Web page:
According to the National Council of Teachers of Math, all students need meaningful math with appropriate tools. It is particularly important for students with visual impairments to be exposed to the use of multiple math strategies and tools, including use of the abacus, braillewriter, mental math, talking calculators, and the calculator function of electronic notetaking devices. These strategies and tools should be introduced early in a child's educational program, and continually reinforced throughout the school years.

Of the three tools (braillewriter, abacus, and talking calculator), use of the braillewriter is the most time-consuming and cumbersome. The braillewriter is extremely slow and awkward to use as a calculation tool. Using it for this purpose is analogous to doing mathematical calculations with a typewriter by a sighted individual. Under these circumstances, the reader may dispute the advisability of expending the time and effort needed to teach the use of the braillewriter as a calculation tool. Nevertheless, blind students benefit from knowing the steps which are required to carry out arithmetic calculations in this manner. In general, while it should not receive heavy emphasis and should be combined with the use of other tools, the braillewriter as a calculation tool should be introduced at the beginning of`mathematics instruction.

Use of the braillewriter emulates how sighted individuals perform arithmetic calculations. Although it is not absolutely necessary for blind persons to perform calculations in the same manner as sighted individuals in order to be successful, it is beneficial to the blind learner to know the processes which are necessary to perform general arithmetic calculations. For true understanding of the procedures for carrying out arithmetic calculations, and thorough comprehension of basic mathematics, the braillewriter is the only device available to blind students. It is the only way for a blind student to write out the steps involved in carrying out an arithmetic operation. In the past, arithmetic slates such as the cubarithm and the Taylor slate were advocated for this purpose. These are no longer used in up-to-date programs for blind students because experience has shown that these tools are very cumbersome and inefficient when compared to the use of the braillewriter.

Instruction with the braillewriter should be combined with instruction on the abacus. There are several advantages which accompany the use of the abacus. First of all, it provides a method which is more efficient than the braillewriter. Secondly, the abacus is much more portable than the braillewriter. Thirdly, the methods employed with the abacus afford the student the additional advantage of having experience with some of the fundamental mathematical principles underpinning arithmetical calculations.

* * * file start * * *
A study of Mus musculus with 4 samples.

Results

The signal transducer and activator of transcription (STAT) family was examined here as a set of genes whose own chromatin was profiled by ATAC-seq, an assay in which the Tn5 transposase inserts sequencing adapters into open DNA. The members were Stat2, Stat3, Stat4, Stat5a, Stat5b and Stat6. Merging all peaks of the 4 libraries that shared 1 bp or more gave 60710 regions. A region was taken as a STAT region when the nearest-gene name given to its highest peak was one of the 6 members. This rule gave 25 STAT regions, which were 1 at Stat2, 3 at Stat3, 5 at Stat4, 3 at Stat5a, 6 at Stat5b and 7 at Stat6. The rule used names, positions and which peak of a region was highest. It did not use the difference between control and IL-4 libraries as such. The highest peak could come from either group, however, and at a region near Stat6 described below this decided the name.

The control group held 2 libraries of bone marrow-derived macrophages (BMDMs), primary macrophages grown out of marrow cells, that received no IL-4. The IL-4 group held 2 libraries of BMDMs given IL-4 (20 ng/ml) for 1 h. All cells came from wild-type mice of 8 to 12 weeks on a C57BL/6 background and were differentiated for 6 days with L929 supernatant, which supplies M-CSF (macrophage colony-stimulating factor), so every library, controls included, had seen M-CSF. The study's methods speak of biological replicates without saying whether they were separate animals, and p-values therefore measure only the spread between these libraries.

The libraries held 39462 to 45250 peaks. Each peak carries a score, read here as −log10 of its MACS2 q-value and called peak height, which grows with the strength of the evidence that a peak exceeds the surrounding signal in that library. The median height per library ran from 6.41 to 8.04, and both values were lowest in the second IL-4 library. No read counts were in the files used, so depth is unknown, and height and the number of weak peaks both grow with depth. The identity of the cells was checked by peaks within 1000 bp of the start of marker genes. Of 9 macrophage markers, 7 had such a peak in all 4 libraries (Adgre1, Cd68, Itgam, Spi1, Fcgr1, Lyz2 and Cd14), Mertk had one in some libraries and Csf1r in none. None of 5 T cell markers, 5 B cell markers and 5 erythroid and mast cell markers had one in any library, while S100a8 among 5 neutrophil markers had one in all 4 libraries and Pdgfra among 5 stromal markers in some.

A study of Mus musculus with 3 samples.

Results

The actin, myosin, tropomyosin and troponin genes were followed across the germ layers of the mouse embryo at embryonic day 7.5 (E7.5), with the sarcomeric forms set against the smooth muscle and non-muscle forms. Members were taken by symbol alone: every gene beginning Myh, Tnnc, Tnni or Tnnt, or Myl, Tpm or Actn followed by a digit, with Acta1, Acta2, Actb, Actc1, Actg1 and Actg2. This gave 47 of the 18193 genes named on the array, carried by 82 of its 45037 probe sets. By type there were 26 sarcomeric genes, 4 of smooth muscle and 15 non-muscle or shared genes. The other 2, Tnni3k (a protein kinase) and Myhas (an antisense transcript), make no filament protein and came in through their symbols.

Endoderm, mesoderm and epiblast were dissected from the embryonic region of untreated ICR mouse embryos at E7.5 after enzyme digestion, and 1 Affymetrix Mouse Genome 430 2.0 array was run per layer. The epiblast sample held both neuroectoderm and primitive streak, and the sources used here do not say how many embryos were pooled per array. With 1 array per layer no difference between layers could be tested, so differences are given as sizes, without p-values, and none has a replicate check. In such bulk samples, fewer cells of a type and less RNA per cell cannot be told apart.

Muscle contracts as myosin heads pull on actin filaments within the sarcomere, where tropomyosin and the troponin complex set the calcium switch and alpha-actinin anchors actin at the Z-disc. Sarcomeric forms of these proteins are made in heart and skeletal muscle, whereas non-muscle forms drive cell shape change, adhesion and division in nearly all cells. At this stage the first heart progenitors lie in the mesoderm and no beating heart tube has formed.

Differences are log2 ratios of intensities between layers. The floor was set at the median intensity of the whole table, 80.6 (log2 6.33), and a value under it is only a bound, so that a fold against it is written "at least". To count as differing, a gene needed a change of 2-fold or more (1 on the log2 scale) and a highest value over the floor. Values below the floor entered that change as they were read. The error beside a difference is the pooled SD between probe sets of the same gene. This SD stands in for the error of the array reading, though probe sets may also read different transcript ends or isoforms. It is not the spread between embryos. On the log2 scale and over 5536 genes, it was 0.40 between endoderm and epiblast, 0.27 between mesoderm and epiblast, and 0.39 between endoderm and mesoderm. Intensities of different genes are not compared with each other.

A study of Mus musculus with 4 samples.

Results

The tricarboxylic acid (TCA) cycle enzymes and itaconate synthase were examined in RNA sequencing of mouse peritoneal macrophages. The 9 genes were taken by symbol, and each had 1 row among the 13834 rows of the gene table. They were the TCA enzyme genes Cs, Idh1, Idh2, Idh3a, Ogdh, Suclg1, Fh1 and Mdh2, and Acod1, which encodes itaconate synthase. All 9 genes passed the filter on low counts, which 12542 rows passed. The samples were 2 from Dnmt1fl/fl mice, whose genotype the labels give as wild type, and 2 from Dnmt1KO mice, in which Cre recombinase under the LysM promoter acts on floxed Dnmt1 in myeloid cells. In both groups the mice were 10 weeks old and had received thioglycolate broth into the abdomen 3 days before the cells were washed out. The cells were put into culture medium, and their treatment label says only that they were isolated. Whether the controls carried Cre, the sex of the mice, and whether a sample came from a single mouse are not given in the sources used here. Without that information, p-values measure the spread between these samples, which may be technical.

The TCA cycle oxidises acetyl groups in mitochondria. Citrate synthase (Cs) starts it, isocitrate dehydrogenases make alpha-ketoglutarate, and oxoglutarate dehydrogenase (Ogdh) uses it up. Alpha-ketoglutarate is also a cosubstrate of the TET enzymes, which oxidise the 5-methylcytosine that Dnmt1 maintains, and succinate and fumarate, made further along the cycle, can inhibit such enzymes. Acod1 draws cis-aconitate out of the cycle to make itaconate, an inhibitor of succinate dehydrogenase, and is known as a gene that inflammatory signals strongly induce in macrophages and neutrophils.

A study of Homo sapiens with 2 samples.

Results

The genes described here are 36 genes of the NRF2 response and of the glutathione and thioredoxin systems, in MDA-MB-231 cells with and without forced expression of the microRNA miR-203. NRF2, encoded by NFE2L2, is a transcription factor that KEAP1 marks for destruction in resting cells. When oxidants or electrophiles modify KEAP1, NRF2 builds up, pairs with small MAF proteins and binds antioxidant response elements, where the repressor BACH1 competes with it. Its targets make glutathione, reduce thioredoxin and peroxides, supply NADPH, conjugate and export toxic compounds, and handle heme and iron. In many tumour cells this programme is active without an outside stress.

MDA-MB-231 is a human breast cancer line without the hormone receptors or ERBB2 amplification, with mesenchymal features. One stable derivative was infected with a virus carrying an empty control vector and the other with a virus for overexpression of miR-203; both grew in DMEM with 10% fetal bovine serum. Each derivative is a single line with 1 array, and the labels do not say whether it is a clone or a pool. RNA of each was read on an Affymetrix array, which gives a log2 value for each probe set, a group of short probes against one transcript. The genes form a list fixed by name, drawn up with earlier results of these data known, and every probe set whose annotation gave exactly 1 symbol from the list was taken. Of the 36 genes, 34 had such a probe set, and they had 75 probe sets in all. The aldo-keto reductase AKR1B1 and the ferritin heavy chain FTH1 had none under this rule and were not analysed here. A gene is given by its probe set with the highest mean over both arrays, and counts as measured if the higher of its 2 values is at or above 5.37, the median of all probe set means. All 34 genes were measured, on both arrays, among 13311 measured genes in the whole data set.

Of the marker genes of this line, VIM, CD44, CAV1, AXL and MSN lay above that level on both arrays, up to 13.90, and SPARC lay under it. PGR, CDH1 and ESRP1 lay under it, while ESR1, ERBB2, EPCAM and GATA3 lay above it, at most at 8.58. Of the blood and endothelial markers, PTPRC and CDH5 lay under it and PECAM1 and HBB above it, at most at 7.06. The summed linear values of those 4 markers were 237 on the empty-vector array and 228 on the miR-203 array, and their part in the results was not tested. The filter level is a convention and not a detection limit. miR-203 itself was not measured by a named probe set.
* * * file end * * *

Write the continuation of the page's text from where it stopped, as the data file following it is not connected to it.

The abacus can be used as a tool to check the accuracy of the calculations performed on the braillewriter. In this way, each method reinforces the other. If both answers are correct, then the calculation was most likely performed successfully. If there is a discrepancy between the two results, then, most likely, one of the results is incorrect, although the reader should note that it is possible for both results to be inaccurate. If a discrepancy exists, the student should be encouraged to perform the calculation again using both methods. This should be done until similar results are achieved.

As the student becomes more proficient in the use of the braillewriter in performing specific procedures, such as two-digit addition, more reliance can be placed on the use of the abacus and less reliance can be placed on the use of the braillewriter. The general principle here is to move from the more cumbersome tool to the more efficient one. This should be done without neglecting instruction on all of the tools. When a new or more complex arithmetic procedure is initially studied, the teacher should emphasize use of the braillewriter to insure that the student gains a full command of the procedures involved. This should be done with simultaneous instruction on the abacus. The principle of moving from the braillewriter (the more cumbersome tool) to the abacus (the more efficient tool) should continue.

Steps should be taken to make calculation procedures with the braillewriter as easily accomplished as possible. Alterations in the symbol forms and format are needed to enhance the effectiveness of the braillewriter as a calculation tool. The recommended changes in methods used to perform arithmetic calculations, as well as relaxation of the strict rules for transcribing Nemeth Code, make it easier for the student to carry out the necessary steps to add, subtract, multiply, and divide with the braillewriter. The following approach should be used in carrying out the four basic operations with whole numbers, decimal fractions, and regular fractions.